The ghost of Christmas recently passed

It was a good Christmas, more or less.  I spent most of the day in my room with a migraine (courtesy of the woman in front of me at church with the perfume containing bergamot oil) and I tripped and rebroke my little toe (which is now swollen and purple again and sticking out at a strange angle), but everyone else seemed to have a pleasant holiday.

The food was good, if excessive.  We will be eating turkey, dressing and sweet potatoes for the next several days.  We still have some roasted parsnips and carrots left, but sadly the cranberry-goat cheese tarts are all gone.

Perfume aside, church was a moving experience.  The pastor at All-Saints’ Episcopal Church in Palo Alto gave one of the most thoughtful — and thought-provoking — Christmas Day sermons I have ever heard. As soon as it is posted on the website (the Christmas Eve homily is up, but not that for Christmas Day) I will link to it.  It is well worth reading.

As predicted, we did not open gifts until 12:30, to the annoyance of Railfan but nobody else.  Everybody got things they wanted, with the most well-received being Railfan’s X-Box and copy of Halo Reach.  He and the Red-Headed Menace have spent most of yesterday and today trying not to accidentally kill each other (electronically, that is).

I got the second volume of Stephen Sondheim’s collected lyrics, and his observations on them (as well as so many other things), Look, I Made A Hat, which was listed on my Amazon wish list as “what I most want for Christmas.” Continuing the Sondheim theme, I also received Everything Was Possible: The Birth of the Musical Follies, by Ted Chapin, who was a production assistant (i.e., gofer) for the show. I also got Writing Tools: 50 Essential Strategies for Every Writer by Roy Peter Clark. I am hoping to learn from the last one ways to write more compellingly.

I am still feeling melancholy, with a strange sense of loss and homesickness.  Christmas is the time I most feel out of place in my adopted home.  I don’t long for a white Christmas, having never had one, but a warm and green Christmas would be nice. The Christmas song which keeps running through my head is not a religious carol, as in most years, but “Have Yourself A Merry Little Christmas.” (That would be the version sung by Judy Garland in Meet Me in St. Louis, with its strangely bittersweet lyrics: “Someday soon we all will be together, as the fates allow; until then we’ll have to muddle through somehow.”) Not going East this year, even though I know it was the right decision made for the right reasons, didn’t help.

The unmooring of the holiday from its spiritual roots which has been occurring the past several years hit home.  The religious symbols of the season, which as the result of a crisis of faith had come to feel vaguely fraudulent, were also a comforting link to the past, to my past, which seems distant and out of reach. There was no Advent wreath, no Lessons & Carols service. I have become that most mocked of Episcopalian stereotypes, the Christmas and Easter church attendee. The words and visuals of the season, which help make it a season rather than simply a few weeks at the end of the year much like any other except with better food, were missing.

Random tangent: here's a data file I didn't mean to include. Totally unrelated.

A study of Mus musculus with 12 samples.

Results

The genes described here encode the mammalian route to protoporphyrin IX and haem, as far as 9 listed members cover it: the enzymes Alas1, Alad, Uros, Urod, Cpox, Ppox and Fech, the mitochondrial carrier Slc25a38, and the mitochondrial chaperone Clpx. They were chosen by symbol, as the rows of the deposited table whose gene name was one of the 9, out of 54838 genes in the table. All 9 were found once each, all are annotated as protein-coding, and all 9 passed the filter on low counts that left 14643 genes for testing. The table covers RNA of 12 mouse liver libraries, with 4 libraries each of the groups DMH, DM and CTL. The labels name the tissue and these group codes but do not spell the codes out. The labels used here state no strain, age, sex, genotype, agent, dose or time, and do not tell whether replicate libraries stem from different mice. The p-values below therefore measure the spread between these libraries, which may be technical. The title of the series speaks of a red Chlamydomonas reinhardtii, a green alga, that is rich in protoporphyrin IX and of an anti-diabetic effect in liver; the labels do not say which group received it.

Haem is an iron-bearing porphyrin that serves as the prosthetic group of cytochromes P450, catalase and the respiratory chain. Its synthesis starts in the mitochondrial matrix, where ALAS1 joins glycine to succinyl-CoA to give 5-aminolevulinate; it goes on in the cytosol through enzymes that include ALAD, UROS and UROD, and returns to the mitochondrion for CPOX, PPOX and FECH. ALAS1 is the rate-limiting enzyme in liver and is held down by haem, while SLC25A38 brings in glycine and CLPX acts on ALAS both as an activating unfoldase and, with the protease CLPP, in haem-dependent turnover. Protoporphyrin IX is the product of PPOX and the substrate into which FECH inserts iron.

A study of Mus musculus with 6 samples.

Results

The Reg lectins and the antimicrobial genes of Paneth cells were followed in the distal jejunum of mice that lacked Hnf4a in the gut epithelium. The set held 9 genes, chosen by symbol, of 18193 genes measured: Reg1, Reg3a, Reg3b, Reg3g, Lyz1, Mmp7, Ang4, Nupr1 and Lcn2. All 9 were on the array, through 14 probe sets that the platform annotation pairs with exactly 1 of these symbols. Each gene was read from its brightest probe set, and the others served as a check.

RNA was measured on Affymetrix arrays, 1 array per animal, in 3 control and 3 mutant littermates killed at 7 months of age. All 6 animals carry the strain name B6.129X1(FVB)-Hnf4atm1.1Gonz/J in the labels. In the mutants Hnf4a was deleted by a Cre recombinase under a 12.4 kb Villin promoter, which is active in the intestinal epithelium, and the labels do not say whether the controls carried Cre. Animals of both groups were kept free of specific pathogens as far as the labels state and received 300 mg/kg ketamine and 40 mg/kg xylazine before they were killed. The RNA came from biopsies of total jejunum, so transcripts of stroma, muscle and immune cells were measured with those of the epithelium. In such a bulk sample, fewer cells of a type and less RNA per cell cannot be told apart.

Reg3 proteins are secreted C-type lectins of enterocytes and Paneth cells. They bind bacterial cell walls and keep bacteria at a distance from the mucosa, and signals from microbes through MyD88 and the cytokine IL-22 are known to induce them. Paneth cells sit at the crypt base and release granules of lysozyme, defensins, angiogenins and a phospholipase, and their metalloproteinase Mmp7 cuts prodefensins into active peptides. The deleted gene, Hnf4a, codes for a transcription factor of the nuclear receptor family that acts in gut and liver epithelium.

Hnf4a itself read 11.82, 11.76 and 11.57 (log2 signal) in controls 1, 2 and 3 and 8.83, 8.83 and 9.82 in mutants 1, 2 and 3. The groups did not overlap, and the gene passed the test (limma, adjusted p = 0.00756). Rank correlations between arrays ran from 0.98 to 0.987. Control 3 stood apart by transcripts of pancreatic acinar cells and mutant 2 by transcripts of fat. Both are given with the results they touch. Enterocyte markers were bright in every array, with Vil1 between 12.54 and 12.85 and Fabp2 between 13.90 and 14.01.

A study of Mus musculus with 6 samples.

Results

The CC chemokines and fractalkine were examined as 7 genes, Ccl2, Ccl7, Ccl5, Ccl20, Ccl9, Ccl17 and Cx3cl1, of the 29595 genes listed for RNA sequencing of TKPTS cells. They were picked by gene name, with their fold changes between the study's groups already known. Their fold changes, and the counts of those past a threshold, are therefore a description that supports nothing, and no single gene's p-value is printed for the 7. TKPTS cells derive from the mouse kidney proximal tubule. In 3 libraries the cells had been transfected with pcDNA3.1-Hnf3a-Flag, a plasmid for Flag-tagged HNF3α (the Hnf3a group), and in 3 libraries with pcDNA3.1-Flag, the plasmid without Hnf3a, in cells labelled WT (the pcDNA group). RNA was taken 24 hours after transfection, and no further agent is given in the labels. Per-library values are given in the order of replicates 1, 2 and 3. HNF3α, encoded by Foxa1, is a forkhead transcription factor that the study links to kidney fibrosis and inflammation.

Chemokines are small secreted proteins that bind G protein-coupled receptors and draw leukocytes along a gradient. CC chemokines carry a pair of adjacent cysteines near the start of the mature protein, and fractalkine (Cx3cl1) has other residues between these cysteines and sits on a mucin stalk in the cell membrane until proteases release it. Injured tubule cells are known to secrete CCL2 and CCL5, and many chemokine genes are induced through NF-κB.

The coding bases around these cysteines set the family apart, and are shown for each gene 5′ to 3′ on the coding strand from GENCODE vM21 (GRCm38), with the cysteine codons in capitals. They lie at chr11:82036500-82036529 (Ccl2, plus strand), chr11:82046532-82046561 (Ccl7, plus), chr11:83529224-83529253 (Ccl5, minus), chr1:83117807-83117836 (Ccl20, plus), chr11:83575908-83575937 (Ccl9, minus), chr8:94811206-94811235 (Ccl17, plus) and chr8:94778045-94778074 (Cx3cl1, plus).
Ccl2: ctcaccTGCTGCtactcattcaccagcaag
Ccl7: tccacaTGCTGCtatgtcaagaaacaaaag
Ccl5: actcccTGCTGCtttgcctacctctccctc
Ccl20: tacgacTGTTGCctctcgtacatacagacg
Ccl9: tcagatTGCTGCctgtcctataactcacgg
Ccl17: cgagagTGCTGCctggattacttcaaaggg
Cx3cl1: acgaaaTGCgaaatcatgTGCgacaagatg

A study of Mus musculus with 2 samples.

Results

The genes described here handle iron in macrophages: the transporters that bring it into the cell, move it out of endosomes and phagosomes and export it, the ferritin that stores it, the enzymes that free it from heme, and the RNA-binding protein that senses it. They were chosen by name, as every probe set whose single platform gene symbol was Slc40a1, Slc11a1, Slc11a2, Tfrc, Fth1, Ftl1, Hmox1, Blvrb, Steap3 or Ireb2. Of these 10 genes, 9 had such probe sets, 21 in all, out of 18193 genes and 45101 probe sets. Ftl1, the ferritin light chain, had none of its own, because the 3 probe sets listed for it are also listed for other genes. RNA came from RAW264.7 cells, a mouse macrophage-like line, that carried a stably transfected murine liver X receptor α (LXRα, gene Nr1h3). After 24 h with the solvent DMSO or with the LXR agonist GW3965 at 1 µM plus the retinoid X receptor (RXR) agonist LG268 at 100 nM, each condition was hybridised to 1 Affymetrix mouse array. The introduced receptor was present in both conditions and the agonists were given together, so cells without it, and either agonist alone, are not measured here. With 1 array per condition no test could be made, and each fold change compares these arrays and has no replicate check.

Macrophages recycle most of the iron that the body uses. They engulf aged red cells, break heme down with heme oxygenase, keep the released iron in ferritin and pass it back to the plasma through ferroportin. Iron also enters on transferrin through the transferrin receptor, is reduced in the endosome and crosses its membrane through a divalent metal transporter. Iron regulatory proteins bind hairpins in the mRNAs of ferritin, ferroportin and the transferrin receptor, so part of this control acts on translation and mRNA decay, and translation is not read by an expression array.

For very complicated family and other reasons, I have had limited contact with many of my friends recently. Yet another person I care about moved away earlier in December, leaving for the Sacramento area. I do not make friends easily or comfortably, and losing those I have hurts. Friends did invite me to go see A Christmas Carol with them, and I had lunch with another, and that was lovely, but underscored how I isolated I have been feeling lately. One of my current goals is to change that:  two friends and I are meeting for lunch later this week (not my suggestion, although I was more than happy to follow up on it). There is a whole world of people out there: I just need to meet some of them, and see the ones I already know more.  As I grow older, I need connection with other people in ways I never did before.

My writing has suffered.  My hope — to write more than I did in either November or October — proved beyond my reach.  I am seriously thinking of taking a formal hiatus from blogging so that if I am not writing at least I am not feeling guilty about not writing.  I am kept from doing that by the suspicion that doing so would have a negative impact on my mental health, and the belief that the unseen readers of this blog are in some sense my friends too: I need to feel that there is someone out there, as delusional as that may seem sometimes.  Not so delusional, though: there are a number of people who tell me that they follow this blog through either the RSS feeds or Google Reader.  That carries its own frustrations, sometimes: my friends know a lot more about what is going on in my life than I do about theirs, even those I follow on LiveJournal or Facebook.  Communication needs to run two ways in order to be meaningful.  A particular need of mine lately is to feel that I can be of as great support to my friends as they are to me.

Time to move on. Time to think about the new year, and what I need.  This year, which started in hope and excitement is ending in somber reflection.  This is the way the year ends, this is the way the year ends, this is the way the year ends, not with a bang but with a whimper.  Looking over my Eleven for ’11, I achieved so few of them that I am going to simply list them as my resolutions for 2012.

After all, if the world is going to end in twelve months, it would be nice to have something to show for it.